CHICAGO — A report using U.S. census data from 8,000 cities shows that almost one-third of senior citizens in Chicago are living alone without the company of a spouse or assistance from adult children — and that number is expected to increase as more baby boomers age.
Defined as adults older than 65 who do not have a spouse, children or support from their adult children and are "aging solo," elder orphans make up 32 percent of Chicago's seniors — higher than other cities, including New York, Los Angeles and Phoenix, where 31, 25 and 28 percent of seniors live alone, respectively.
Carol Marak, an advocate for seniors, columnist and editor based in Waco, Texas, said elder orphans represent more than 25 percent of the growing senior population nationwide. This statistic was compiled by Seniorcare.com after analyzing Census data in 8,000 cities, she said.
Seniorcare's Chicago senior statistics report includes data on Chicago's health care ranking, housing, long-term care, Medicare costs and other issues.
Marak is one of four administrators of an "Elder Orphan Facebook Group," which has almost 3,500 members from across the country and several in Chicago.
An online webinar and conference call talk for elder orphans was held Wednesday afternoon. The featured webinar speaker, Dr. Maria Carney, is a geriatric and palliative care physician whose research inspired the term elder orphan, Marak said.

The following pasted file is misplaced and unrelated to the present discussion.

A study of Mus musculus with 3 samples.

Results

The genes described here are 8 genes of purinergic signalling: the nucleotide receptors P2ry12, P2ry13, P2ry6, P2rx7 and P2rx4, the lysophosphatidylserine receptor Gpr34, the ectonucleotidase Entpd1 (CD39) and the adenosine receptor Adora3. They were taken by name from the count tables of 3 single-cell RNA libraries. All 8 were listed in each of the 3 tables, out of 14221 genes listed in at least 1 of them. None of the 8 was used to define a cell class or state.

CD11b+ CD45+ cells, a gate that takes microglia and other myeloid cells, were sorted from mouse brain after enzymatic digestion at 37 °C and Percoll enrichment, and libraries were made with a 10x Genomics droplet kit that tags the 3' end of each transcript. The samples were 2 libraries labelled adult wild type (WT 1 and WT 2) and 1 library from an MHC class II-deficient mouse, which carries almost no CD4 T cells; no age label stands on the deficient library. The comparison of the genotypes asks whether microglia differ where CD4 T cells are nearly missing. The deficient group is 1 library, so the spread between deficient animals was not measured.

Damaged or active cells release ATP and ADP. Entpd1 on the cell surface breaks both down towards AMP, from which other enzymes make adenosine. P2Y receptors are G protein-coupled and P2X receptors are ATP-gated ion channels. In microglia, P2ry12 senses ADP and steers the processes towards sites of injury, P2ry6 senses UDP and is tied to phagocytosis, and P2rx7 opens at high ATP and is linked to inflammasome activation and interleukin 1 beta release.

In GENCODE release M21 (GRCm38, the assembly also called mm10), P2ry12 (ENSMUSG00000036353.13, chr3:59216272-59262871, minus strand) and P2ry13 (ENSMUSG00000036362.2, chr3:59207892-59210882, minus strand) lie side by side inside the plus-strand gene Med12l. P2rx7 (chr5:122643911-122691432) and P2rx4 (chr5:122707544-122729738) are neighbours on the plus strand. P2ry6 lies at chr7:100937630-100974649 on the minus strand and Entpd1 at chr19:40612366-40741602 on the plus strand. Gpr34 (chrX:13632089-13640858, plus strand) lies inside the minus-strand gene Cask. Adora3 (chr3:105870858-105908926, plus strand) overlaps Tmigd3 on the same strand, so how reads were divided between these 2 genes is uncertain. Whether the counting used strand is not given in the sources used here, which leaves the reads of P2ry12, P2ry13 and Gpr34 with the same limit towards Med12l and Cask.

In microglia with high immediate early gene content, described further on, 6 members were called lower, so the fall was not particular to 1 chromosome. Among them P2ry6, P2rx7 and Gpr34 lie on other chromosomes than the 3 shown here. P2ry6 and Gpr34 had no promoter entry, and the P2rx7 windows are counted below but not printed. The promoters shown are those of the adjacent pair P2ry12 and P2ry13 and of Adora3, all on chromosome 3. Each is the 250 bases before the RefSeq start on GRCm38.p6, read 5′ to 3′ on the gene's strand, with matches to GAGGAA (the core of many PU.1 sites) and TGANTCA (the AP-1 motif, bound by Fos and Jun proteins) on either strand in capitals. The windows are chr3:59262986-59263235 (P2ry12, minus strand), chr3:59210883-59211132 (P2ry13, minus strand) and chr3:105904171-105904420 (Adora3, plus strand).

Joyce Aldawood, a 68-year-old North Side resident, said she joined the Elder Orphan Facebook Group earlier this month.
"When you belong to something on the fringe, you think you are the only one. I do not have any kids, and my parents are dead, and my brother and I don't speak. For me, it's a group that resonates," Aldawood said.
Aldawood, who works as an operations manager for a jewelry store, has married three times and been divorced since 1991.
"I'm like Elizabeth Taylor, I keep on trying to get it right," Aldawood joked.
Ivse Sako, a 51-year-old Edgewater resident, said the Facebook group has helped her feel more connected to others in a similar life stage.
"It's heartbreaking, but what can we do? We need to connect," Sako said.
Sako works from home as an organizational coach.
She said she keeps herself busy and "has no energy for dating."
"One or two, or five or six years go by, and you think maybe it's not meant to be. You can't keep wishing for" a relationship, she said.
Sako has no brothers or sisters and is the mother of an adult daughter who she said she does not see often. Sako moved from Lithuania to Chicago several years ago as a single mom.
"This life in America is different. People go to the jobs, move away. You can't depend on your family. It's very separate. When you feel lonely, there are holidays, there are the Sundays. Every article you read is family first, family balance, and it is a sharp knife in your heart," Sako said.
In addition to baby boomers aging alone, in the next generation, more people will be aging alone.
A third of Americans ages 45-63 are single — an increase of 50 percent since 1980 — and almost 19 percent of women ages 40 to 44 are childless, compared to about 10 percent in 1980, according to U.S. Census data quoted in a presentation by Dr. Maria Torroella Carney, chief of geriatrics and palliative medicine at Northwell Health in New Hyde Park, N.Y., the Tribune reported.